Friday, November 13, 2009

The Struggle: A Jacob Teaching

As a member of the clergy, I struggle to discern the true mission for my life.

What does it mean to be in God’s presence? How does one meet the Holy One face to face? Is the climb towards holiness a noble goal?

I look to the Biblical Jacob and his two dream encounters with the Divine.

In the first soothing, silent dream, Genesis 28.16, Jacob follows the angels’ ascent and descent towards the stairway to heaven. Jacob calls the experience “awesome” because he becomes aware of God’s presence in his life. Jacob awakens from his sleep state and embraces a new vision. Jacob sets out to live his life as a Jew.

The second dream (Genesis 33:23) is a wrestling match more than a dream Jacob is in a state of not knowing. Will his estranged twin brother, Esau overcome him with rage and physical destruction or will their relationship survive twenty years of silent enmity?

This “not knowing” produces fear and anxiety for Jacob. After taking his family across the river Jabbok, the following verse reads “Jacob was left alone.”(Genesis 32:25)

Jacob needed a separation of time and space. He engaged in a power struggle with a being that was both divine and human. During the encounter he is physically injured and spiritually altered. He pursues the God-like figure demanding that he call out his name and identity. God eludes him. Nevertheless, Jacob receives the blessing of renewed self confidence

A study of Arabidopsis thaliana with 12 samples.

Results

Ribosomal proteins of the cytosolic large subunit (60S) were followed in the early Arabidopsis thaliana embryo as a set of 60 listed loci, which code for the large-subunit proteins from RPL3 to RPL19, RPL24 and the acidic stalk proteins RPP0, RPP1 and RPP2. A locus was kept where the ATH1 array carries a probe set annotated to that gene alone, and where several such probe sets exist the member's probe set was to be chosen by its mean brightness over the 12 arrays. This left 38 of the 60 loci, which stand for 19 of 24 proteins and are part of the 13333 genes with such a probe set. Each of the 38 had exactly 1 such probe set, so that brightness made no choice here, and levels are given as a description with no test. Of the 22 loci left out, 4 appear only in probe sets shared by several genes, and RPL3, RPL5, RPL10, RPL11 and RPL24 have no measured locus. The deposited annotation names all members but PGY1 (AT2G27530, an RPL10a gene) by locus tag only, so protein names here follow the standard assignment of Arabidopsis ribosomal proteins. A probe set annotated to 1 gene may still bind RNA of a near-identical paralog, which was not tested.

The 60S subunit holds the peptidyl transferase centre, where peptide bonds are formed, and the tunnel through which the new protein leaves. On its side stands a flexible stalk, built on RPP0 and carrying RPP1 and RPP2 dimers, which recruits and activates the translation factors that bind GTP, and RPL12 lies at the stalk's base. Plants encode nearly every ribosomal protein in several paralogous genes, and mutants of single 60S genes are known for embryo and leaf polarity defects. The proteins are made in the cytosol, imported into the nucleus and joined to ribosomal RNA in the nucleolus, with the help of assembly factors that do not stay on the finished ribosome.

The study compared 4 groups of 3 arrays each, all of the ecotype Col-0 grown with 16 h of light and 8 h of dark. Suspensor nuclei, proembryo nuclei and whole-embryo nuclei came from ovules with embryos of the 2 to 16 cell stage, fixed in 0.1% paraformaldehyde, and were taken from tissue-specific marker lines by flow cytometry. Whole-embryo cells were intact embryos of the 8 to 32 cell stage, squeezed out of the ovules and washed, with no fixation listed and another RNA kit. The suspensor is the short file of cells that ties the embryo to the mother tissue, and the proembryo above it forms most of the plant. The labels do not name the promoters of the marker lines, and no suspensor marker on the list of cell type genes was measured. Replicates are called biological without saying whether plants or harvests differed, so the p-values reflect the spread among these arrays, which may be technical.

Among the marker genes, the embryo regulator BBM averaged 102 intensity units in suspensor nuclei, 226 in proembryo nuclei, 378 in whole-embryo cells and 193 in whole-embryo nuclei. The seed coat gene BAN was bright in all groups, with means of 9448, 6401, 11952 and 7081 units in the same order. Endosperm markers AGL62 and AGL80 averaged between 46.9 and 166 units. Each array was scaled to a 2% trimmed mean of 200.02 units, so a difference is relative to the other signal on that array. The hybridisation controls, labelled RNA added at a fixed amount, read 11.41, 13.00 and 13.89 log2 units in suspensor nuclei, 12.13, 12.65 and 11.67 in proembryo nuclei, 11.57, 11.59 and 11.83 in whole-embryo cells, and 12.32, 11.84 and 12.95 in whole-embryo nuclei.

“I have seen a divine face yet my life has been preserved” (Genesis 32:31)

The price for being in God’s presence and witnessing one’s own spiritual strength
is the metaphoric “unhinged hip”. Jacob is wounded. The limping serves as a reminder of his “striving” to know and to be known by God. Jacob learns what he did not know at the beginning of this encounter.

Divinity has no name and no face. Striving is the action that supports are life’s purpose. The stairway to heaven represents a climbing into the unknown journey we call faith. Our wounds preserve our souls when threatened.

Struggling with what is, is the spiritual nature of our own humble human aspirations.
When we enter into the river of “not knowing” we enter into God’s mystery. When we are threatened by an external or internal enemy, we must believe that our own spiritual resource center will emerge triumphant. To experience God face to face is to experience our own doubts, fears and anxieties and then to transcend them.

When I strive to be in God’s presence, I am already within reach of the Divine embrace.